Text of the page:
Wednesday, June 08, 2011

Two Books

I turned on Blogger's new "mobile template" for you Fandango readers on the go. Heh. I just think that's really funny for some reason. People "on the go" are probably not reading Fandango (at least not until they settle down). But anyway, I turned it on. Just in case.

Finished reading a couple of books in the last two days. First, Frank Viola's Revise Us Again: Living from a Renewed Christian Script. "Revise" is probably not as serious a term as "reform" or "revive," but this book features a series of suggestions for change in contemporary American Christianity. It is essentially a call for the church to take a good look at itself in the mirror.

Some of the chapters are about communication styles or semantics: Christian code language (when "I'll pray about it" actually means, "go away, don't bother me with your problems"), and Christianeze. These chapters were sometimes amusing and always on-target, and I know plenty of Christians that should definitely read them, but Viola really gets going in his chapters on the Gospel, the presence of God, spiritual expectations, and the Holy Spirit. In all these cases, says Viola, some serious revising is necessary. Viola is as usual serious, engaging, and pointedly challenging. From Eternity to Here and Reimagining Church were stronger books, but Viola's work is always worthwhile.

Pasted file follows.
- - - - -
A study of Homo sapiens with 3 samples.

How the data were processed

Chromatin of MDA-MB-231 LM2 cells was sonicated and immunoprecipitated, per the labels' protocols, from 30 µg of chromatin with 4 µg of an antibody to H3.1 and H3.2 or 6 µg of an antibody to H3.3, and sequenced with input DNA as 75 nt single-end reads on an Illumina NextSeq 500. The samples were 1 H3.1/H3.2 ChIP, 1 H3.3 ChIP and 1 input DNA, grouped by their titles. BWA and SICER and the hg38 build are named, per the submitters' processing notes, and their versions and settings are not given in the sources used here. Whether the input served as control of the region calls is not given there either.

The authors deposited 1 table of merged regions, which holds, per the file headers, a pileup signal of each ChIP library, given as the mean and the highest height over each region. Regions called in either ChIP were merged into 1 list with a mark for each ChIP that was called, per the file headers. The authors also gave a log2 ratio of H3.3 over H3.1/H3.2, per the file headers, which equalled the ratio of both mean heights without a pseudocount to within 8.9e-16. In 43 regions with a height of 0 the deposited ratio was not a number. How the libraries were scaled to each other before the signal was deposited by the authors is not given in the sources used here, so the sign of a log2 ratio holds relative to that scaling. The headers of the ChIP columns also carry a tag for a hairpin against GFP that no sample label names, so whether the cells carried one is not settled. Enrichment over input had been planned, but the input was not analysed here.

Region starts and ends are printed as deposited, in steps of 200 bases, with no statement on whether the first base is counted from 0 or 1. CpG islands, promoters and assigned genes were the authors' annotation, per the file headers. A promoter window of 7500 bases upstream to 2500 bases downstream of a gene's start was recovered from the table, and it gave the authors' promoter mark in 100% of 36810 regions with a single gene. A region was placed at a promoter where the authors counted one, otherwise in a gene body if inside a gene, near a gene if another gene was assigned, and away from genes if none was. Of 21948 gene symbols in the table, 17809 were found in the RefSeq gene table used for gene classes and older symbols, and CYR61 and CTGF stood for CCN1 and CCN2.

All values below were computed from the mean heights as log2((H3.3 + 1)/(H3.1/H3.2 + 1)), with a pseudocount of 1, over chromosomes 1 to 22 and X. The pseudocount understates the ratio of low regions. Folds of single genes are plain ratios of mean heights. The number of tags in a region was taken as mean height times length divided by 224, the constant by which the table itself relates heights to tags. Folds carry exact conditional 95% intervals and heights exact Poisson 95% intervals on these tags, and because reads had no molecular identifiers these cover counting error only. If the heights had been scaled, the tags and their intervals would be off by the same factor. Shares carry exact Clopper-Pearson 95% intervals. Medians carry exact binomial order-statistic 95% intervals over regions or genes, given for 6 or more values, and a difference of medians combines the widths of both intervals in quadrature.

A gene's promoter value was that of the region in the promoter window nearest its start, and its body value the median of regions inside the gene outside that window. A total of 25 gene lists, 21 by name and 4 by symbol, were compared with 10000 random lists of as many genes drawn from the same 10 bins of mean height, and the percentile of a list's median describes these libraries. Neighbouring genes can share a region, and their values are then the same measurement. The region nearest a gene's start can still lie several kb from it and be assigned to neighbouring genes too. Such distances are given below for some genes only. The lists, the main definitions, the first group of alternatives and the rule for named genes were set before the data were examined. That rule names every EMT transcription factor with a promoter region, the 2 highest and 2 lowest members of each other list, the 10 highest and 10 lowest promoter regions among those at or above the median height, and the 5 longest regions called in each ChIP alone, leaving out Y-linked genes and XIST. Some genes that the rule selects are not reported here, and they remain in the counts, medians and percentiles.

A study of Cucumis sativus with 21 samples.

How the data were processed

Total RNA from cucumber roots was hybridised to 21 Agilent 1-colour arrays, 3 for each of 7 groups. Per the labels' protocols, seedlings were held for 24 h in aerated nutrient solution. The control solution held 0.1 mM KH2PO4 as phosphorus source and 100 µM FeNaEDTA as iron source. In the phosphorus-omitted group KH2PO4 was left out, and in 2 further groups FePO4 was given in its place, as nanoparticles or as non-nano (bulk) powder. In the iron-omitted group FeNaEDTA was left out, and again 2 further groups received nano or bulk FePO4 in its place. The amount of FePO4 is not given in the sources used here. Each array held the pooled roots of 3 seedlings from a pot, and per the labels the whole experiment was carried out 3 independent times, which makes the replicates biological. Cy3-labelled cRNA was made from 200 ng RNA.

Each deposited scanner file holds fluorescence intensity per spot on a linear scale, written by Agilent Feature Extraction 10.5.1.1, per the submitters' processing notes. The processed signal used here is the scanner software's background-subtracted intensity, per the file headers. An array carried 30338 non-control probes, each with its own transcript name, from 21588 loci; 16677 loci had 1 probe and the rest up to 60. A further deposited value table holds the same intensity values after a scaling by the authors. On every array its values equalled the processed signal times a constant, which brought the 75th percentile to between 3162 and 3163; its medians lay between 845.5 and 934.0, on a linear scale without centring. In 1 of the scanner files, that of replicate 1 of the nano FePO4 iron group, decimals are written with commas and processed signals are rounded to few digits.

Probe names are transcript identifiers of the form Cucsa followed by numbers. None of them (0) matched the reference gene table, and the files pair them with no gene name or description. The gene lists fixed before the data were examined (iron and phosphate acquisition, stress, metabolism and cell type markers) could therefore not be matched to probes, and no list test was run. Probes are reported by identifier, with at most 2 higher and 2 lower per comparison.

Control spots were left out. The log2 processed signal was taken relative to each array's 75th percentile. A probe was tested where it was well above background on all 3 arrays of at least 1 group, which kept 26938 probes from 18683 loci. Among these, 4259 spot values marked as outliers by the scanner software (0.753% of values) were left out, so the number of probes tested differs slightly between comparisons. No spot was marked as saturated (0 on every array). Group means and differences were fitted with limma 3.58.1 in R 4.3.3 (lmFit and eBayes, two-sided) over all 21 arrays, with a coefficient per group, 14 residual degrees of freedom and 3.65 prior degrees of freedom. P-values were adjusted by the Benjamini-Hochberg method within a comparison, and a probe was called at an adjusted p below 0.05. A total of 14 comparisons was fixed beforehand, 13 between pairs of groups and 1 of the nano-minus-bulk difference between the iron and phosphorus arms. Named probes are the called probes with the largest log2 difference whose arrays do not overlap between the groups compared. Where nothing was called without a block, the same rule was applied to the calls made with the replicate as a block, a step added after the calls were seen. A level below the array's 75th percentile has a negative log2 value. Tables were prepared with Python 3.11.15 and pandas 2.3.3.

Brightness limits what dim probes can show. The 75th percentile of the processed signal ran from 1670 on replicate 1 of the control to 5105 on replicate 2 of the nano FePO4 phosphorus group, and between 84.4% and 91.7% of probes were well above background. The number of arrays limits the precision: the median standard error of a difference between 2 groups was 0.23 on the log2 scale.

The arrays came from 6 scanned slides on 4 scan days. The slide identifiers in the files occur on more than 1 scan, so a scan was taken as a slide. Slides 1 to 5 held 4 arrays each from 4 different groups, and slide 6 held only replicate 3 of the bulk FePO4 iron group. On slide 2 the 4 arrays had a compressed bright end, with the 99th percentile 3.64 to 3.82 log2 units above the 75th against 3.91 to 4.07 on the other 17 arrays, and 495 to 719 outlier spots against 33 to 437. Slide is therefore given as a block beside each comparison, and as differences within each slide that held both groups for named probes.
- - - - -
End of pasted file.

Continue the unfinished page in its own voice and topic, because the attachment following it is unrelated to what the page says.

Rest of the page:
I also just finished Tim Keller's King's Cross: The Story of the World in the Life of Jesus. Unfortunately, my reading of this one was broken up over a period of a couple of months, and I fear that I have not really done the book justice. Keller has a way of illustrating his points with striking metaphors, and his writing is beautifully lucidm refreshingly free of Christian jargon and pop-culture references. It is apt I think to call him a 21st century C. S. Lewis in that his work is essentially one of apologetics. In King's Cross he's looking at the world through the lens of the Gospel of Mark. It is divided into two main sections: "The King" and "The Cross." What he has done, I think, is write a book about the theology of atonement that is uniquely jargon-free and aimed at an audience that he presumes to be intelligent and perhaps skeptical. Very refreshing.